June 24, 2010

Hokay, So:

So these last two months have been crazy, hence no new posts for a while. Since the last post, I have successfully performed a one-act play completely in Spanish (which required me to strip down to my underwear and chase a chicken-woman around the stage in front of a live audience-don’t worry, it was for a Spanish final exam, so it’s legit), drove to the Southwestern Anthropological Association Conference (which was in Reno, by the way), completed the rest of my finals, graduated, started my internship, walked in the 10,000 person plus protest against the anti-immigration legislation, participated in the Migrant Trail Solidarity Walk (one solid week of walking through the desert from northern Mexico to Tucson, AZ), and started looking for a job that actually pays.

So over the next few weeks I’ll be talking about these crazy events, and more!

First up is the spanish play.

When I signed up for the Hispanic Drama class for the spring, it was mainly to satisfy spanish minor requirements. Plus it was with one of the better professors I’ve had in college. The play was called “Nadie Puede Saberlo”, in which a journalist is apparently writing a report about a mental asylum. First introduced to a “doctor”, she tells the journalist various stories about the terrifying inmates of the asylum. One patient is convinced that he is Christopher Columbus, while another is capable of laying eggs. She excuses herself, at which point the journalist is greeted by a seemingly relaxed gentleman, who explains that, in fact, the doctor is merely one of the patients, but is convinced that she is a doctor. As the conversation progresses, it becomes apparent that not only is this man violently unstable, he also believes that he is Columbus. Every time the journalist shows his doubt, Columbus threatens to hit him with a chair. On the verge of physical conflict, the fight is broken up by Señora Gallinato, who is able to calm the man down. In discussing the progressively crazier experience in the asylum, the woman offers the journalist a chicken egg, explaining that it actually is one of her own. Moving on, she tells the story of how she strangled both her husband and a guard of the asylum, and that her intimate diary has been stolen. Just then, the doctor returns waving her diary. Before Señora Gallinato can kill her, the doctor frames the journalist. Trapped, cornered, the journalist first takes off his jacket, then his vest so as to better fight of his would-be assassins. Señora Gallinato is appalled that a man would be taking off his clothes in her presence, and he realizes that if he were to take off the rest of them, she’d run away. Saved, he proceeds to disrobe, and in his underwear, chases the chicken lady around. Before the play ends, it is revealed that the journalist is, in fact, one of the crazies.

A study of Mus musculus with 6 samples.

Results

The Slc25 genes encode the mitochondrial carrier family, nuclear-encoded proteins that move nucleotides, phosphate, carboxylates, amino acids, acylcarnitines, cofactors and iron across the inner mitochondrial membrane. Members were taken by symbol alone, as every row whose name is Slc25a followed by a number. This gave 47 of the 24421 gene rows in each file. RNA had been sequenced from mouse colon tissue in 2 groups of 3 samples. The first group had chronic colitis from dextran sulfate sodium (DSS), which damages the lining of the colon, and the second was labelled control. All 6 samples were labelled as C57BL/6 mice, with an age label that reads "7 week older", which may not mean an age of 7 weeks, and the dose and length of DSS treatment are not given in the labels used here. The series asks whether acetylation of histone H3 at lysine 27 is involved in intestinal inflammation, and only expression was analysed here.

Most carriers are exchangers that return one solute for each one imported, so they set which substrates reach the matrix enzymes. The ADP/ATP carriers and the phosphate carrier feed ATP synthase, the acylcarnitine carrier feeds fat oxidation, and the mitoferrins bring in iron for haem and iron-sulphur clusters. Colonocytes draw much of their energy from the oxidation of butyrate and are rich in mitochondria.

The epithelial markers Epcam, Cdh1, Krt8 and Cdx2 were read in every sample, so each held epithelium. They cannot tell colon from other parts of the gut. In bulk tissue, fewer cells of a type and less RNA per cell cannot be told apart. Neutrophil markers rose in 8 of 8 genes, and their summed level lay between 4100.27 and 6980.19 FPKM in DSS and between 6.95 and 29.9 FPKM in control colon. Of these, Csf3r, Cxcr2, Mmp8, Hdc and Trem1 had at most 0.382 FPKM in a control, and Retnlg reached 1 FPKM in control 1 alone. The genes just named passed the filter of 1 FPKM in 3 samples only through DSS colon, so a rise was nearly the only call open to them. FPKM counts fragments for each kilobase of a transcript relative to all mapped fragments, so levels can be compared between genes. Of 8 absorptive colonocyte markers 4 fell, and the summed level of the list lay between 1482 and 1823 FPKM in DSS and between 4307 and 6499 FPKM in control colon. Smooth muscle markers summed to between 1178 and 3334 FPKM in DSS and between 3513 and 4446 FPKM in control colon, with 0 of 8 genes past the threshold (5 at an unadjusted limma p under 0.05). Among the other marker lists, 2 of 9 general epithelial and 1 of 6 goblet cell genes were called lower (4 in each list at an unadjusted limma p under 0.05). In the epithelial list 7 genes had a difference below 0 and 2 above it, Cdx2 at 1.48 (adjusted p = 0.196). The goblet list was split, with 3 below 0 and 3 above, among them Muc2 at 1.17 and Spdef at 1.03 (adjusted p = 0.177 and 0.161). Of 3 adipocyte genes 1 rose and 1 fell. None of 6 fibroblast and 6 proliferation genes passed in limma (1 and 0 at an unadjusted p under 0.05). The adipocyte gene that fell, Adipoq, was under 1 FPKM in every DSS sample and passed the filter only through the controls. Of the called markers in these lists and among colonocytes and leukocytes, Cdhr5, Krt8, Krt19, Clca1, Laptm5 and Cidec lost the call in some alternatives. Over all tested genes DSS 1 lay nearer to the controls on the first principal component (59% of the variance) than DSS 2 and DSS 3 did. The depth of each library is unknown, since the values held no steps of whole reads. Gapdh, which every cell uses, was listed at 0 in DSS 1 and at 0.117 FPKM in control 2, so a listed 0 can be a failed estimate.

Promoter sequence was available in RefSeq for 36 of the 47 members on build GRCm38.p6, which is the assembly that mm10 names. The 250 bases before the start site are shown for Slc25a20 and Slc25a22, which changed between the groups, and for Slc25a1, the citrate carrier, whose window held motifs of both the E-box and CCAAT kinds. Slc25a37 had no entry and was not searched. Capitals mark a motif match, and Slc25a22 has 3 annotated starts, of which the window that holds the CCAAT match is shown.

I was the journalist.

We had spent the entire semester reading and analyzing plays for this class,  and while I’d assumed that I’d be acting, I had no idea that we’d rent out an entire stage in downtown Flagstaff and open the play to the public. As a result, I was able to display my acting talents to a crowd of unsuspecting audience members. It was a blast!

After rehearsing for the entire semester, we performed the play two nights, and then it was off to Reno for the Southwestern Anthropological Association Conference!